You can get kids active even if you’ve only got 1 minute (or 10)

You can get kids active even if you’ve only got 1 minute (or 10)

Being active isn’t about spending an hour at the gym or an hour at soccer practice. In fact, research shows that it’s possible and even beneficial to break up the recommended hour of physical activity and spread it out through your child’s day.

This means that kids get their 60 minutes and are sitting less of the time and that you can squeeze in physical activity when you have a few minutes as opposed to worrying about finding a solid hour.

We’ve compiled a grab bag of ideas that you can pull from whether you have as little as 1 minute or as many as 10. Challenge your kids to try some or all of them.

If you have 1 minute:

  1. Hop up and down on your right foot.
  2. Hop up and down on your left foot.
  3. There’s a kangaroo in my living room! Jump up and down with both feet.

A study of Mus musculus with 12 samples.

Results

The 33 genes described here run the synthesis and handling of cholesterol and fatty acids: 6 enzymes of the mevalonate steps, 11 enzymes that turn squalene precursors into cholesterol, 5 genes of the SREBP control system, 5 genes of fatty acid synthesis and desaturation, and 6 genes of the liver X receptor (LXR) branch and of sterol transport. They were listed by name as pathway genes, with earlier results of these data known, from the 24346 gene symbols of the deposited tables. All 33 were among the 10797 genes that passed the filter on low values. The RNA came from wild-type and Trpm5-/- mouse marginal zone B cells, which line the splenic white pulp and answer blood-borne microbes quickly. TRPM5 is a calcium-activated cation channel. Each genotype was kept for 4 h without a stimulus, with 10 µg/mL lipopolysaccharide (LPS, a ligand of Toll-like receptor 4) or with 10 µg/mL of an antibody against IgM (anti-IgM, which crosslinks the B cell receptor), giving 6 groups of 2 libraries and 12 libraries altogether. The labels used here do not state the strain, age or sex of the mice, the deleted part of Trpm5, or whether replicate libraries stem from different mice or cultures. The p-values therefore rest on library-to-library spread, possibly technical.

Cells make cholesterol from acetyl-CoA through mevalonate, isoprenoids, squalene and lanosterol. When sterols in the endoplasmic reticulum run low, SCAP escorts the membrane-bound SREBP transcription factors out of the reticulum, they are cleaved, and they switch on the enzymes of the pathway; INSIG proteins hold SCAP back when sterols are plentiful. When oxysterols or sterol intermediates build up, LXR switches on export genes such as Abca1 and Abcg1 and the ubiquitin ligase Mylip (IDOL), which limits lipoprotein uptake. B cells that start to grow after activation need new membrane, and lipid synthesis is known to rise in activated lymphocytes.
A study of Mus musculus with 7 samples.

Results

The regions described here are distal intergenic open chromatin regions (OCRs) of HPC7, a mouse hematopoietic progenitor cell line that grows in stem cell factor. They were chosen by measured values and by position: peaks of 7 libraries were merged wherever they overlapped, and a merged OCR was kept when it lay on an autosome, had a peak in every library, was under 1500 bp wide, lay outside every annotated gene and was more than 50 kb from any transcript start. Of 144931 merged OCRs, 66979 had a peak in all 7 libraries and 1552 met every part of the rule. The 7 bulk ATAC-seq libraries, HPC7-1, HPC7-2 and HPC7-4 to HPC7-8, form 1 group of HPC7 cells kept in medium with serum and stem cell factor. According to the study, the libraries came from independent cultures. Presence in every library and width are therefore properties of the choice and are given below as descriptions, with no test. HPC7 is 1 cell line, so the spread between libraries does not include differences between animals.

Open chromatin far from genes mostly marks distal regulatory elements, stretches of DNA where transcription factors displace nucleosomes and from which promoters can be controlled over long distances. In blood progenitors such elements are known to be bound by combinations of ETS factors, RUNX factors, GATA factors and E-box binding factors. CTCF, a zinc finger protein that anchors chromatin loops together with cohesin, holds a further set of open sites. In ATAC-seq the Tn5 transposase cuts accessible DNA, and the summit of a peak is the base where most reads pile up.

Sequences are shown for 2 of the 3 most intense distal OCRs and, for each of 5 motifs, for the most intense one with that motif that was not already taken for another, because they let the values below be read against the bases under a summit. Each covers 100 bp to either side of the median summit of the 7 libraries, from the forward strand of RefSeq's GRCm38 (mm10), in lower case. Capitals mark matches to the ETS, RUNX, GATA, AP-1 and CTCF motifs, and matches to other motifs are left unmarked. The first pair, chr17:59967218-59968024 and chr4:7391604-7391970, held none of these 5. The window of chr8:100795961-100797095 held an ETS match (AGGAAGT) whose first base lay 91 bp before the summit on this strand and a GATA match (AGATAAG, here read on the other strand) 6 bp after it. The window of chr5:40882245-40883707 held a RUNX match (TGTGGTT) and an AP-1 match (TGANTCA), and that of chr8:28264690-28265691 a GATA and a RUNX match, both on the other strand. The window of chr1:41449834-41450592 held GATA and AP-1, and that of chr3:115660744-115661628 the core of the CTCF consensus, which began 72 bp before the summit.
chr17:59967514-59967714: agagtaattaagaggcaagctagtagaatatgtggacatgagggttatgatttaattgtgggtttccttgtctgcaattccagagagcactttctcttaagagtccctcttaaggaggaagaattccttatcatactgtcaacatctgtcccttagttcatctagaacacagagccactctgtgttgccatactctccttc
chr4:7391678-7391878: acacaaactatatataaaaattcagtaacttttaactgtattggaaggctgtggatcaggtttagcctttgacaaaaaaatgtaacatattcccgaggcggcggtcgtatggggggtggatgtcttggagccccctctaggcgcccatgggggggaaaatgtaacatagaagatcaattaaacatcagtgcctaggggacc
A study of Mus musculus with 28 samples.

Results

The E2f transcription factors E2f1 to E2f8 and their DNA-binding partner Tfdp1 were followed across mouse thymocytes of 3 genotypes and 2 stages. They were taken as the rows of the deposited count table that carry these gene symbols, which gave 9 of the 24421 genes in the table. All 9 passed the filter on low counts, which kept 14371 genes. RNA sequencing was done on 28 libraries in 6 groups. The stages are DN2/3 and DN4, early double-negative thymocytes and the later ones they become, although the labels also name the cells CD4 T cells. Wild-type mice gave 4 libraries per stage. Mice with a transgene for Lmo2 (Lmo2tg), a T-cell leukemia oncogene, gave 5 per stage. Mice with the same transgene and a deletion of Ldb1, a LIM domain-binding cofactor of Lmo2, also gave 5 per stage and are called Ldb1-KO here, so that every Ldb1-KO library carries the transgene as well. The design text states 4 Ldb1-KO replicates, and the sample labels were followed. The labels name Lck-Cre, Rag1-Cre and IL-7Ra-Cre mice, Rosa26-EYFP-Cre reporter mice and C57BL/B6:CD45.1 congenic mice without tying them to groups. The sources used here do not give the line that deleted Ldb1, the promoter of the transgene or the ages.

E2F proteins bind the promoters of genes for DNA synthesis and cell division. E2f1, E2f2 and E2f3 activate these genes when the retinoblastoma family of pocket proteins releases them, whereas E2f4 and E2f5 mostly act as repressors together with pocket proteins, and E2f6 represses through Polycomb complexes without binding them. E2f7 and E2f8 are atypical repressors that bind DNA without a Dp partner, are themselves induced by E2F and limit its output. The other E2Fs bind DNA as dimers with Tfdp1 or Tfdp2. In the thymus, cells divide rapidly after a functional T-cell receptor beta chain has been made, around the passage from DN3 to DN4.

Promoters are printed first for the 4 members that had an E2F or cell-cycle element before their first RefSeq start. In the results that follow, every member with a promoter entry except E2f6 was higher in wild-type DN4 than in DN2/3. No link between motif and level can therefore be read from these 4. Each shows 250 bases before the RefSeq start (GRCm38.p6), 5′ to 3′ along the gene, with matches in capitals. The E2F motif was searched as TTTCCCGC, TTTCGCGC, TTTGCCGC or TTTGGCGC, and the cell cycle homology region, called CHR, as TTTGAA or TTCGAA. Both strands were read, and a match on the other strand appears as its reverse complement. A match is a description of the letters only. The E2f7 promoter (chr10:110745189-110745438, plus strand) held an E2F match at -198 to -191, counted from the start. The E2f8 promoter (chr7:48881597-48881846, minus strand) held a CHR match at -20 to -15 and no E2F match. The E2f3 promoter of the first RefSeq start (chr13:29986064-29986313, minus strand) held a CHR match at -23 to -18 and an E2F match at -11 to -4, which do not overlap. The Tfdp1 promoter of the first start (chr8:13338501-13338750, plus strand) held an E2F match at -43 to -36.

4. Run on the spot raising your knees to your chest.
  5. Do as many jumping jacks as you can.
  6. Ribbet, ribbet. Hop on all fours like a frog.
  7. Fly like a bird! Flap arms up and down like a bird and run around.
  8. Run or walk up and down the stairs (inside or outside) as many times as you can.
  9. Jump over cracks in the sidewalk.

If you have 5 minutes:

  1. Play an active version of Follow the Leader.
  2. Play an active version of Simon Says.
  3. Grab the sidewalk chalk or painter’s tape and play hopscotch.
  4. Grab a skipping rope and see how many reps you can do in 5 minutes.
  5. Crank up your favourite tune and dance it out.
  6. Grab a ball and play catch.
  7. Throw a Frisbee back and forth.
  8. Roll down a hill.

If you have 10 minutes:

  1. Go for a bike ride. Ride in one direction for 5 minutes and then turn around.
  2. Jog around the block.
  3. Got a group? Play Octopus, Red Rover, or Tag.
  4. Head out for a quick after-dinner walk.
  5. Do anything on the other two lists, just for longer.

For some more great ideas check out this list from Fuel Up to Play 60 that’s meant to be used for physical activity breaks in school but could easily be adapted for home use.

Remember, kids who are already using active transportation to get to school and back, for short excursions under 1 km, and who have free time to play outside every day will be well on their way to completing their physical activity requirements.